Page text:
Tuesday, January 15, 2008

$500 billion of ministry

George Barna recently reported that over the last decade, as apercentage of the population, there was zero gain in the number of Christians in America. This zero growth came despite that $500 BILLION was spent on domestic ministry during that same period! Think about it. For all of our spending on buildings, programs, and outreach... zero! This sobers me, but it also awakens my resolve to find an approach to Christian faith that is NOT an abysmal failure. I truly believe that if advancing the Kingdom of God is that hard, it's because we are making it hard.

Does that $500B for nada qualify as a failure of the prevailing norms of church?


void77 said...

Well, we may not have added anybody to the club, but boy do we sure feel better about ourselves in our $550B luxury! And we can sure put on a good show !!

Seriously, Americanized Christianity is all about what I can get for myself from God... The pursuit of happiness equates to the pursuit of "blessings" and "rest" and a low stress life where everything is okey-dokey because I'm a good American Christian. If something is wrong, well, I'm just not right with God.

So while all of us "blessed" people who are "right with God" conduct our "worship" in our $500B temples, the poor unfortunate souls who are missing out on the "blessings" are well... Wait a minute... They don't care! As far as they're concerned they're not even missing out !!

Aaargh.... Visual Studio calls...This is depressing....


scott said...

Heya Joe - You got a link for where, specifically, you got the info? We here at Java J corporate headquarters like our statistics to be well-documented.

One could argue that zero gain percentage-wise is still a numerical gain, with the large growth of the population and all. Plus, I'm assuming there is a good deal of turnover in who considers themselves Christian, so you've got to gain one for each one you lose!

See, it's all about the glass being half-full. :-)

Macca said...

It´s an excoriating commentary on how the American church has foundered on the rocks of luxury and has become derelict in its duty to make disciples.

Yikes. Sobering stuff.

Joe B said...

The guy as a percentage of population. Of course I was quoting someone who was quoting Barna. (citation below.)

To make it less excoriating, the $500B is not just acquisition cost for new converts, it includes an immense amount of good that the church DOES do.

What concerns me is that the thing the church does NOT do is multiply, we barely even replace. I'm sure people fall away and die off in China and Mozambique and Latin America, too. But the church more than doubled in the same ten year period.

My plagiarism came from www.withreach.com in an article by Michael Johnson called "Why Outreach No Longer Works." I just ripped a paragraph out of the article and nipped off the loose threads.

Macca said...

Context, context! ;)

I have no problem spending 500 gadzillion, so long as it is spent with good stewardship.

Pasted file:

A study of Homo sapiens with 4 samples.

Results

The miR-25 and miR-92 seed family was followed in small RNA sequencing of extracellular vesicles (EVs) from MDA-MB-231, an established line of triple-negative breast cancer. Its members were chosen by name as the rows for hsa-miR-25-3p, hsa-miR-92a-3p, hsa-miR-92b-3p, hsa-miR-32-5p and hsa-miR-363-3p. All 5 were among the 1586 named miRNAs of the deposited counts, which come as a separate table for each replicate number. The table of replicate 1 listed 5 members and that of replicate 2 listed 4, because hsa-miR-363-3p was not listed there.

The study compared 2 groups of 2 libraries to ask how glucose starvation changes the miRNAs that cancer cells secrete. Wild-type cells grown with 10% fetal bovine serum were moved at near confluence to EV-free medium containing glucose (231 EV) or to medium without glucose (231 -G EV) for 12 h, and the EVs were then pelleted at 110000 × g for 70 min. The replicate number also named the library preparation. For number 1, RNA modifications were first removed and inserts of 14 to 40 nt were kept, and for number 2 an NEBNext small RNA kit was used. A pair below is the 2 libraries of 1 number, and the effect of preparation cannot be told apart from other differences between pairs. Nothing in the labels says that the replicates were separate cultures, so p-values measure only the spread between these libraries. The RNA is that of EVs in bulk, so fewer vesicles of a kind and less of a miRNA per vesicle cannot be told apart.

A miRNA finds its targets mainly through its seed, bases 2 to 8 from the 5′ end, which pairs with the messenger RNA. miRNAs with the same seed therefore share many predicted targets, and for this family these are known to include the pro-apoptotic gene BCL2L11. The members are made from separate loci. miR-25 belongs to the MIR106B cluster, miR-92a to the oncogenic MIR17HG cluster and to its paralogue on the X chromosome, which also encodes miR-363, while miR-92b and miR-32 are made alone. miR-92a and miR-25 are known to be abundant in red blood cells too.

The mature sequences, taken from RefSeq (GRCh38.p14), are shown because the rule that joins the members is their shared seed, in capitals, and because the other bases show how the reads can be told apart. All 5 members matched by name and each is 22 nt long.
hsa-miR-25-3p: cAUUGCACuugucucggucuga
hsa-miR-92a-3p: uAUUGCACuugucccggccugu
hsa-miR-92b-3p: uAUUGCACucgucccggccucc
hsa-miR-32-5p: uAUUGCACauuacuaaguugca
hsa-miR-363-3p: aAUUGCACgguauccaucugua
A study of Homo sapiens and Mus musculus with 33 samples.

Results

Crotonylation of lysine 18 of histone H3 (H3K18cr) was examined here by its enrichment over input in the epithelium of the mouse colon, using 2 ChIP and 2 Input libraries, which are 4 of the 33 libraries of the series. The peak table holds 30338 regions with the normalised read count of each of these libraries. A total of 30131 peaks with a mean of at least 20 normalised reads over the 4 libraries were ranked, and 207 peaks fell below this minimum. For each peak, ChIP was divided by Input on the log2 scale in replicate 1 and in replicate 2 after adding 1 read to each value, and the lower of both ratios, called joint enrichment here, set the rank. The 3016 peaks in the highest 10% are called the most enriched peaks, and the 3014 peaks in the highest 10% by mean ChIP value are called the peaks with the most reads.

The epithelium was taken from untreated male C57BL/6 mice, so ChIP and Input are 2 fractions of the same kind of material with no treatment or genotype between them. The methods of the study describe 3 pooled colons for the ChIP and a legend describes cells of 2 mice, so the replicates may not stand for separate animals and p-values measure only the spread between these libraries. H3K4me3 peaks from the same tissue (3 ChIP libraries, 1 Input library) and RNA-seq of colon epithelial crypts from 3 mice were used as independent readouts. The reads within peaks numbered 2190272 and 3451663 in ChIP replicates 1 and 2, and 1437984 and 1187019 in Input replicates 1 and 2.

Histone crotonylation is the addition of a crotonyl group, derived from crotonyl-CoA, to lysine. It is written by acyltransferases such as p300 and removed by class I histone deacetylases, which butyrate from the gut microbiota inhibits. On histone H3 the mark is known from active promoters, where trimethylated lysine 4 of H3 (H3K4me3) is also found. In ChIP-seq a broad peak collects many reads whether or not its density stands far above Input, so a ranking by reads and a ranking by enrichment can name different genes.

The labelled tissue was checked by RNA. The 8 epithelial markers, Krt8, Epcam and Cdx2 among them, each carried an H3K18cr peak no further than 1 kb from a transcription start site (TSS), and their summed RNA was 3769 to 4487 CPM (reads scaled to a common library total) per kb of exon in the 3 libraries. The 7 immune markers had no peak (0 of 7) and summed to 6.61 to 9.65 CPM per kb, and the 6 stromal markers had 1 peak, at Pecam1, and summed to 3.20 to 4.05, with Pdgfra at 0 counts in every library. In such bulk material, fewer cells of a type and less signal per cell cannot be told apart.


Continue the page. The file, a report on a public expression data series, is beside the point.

It´s the flatlined convert rate that bugs me. It´s a very sobering endictment of my personal daily Christian practice.

Joe B said...

At the Java Jesus Secret Society Skull and Bones Club I launched this article as a discussion piece: Is it possible to reconstitute church as a "missional" body instead of a "devotional" body. And of course we spent 90 minutes discussing whether the traditionalists would revolt. And whether one would have to abandon the institutional wineskin altogether.

Caffecclesiology at its finest!

scott said...

But in that discussion, I said I had different answers depending upon if we meant a vague "church at large" or OUR specific church body. The traditionalists-and-institution discussion was more pertinent to our own church, although one could probably argue that our church body is fairly representative of an average American church.

Can a church become missional? Yes, I have no doubt that it is completely possible for a church to turn 180 degrees in its thinking. Can they do it overnight or without some internal collateral damage? I would say, at least in our case, no.

Macca said...

It´s much easier to turn a speedboat around than an ocean liner. When you´re on the Love Boat, you need space and lots of time to go the opposite direction. Oh, and you definitely need Gopher onboard, acting goofy.

Well, maybe not that last part.

But it takes time and a unified vision from the top down.

scott said...

What if it's not a speedboat or an ocean liner... What if it's an entire fleet of yachts?

I would find it much more difficult when not everyone is in the same boat -- Because they may not have the desire to even BE in the same boat. In one boat, you often have to give up the ability to steer to someone else.

Thanks, now I've officially beaten this analogy to death. Anyone else feel like kicking this poor horse?

Joe B said...

Bingo, Scott. And to whom must we relinquish the helm? To Jesus himself, the head o' da body. By the holy spirit the boat gets steered by all of us, according to the gifts he has given "severally to all." It's all about love.

Down in KY we would bet these bodacious flocks of blackbirds, millions of birds, a half-mile wide. They would take flight and maneuver as though they had one mind, changing direction on a split second. Something kept them in sync, and it wasn't one clever birdie (or 9) who had been elected to rule over the rest.

Macca said...

I don´t disapprove of the mini-yacht thingie, and the holy-spirit-guided thingie, either.

I just think in your case, you have a big ole´ aircraft carrier.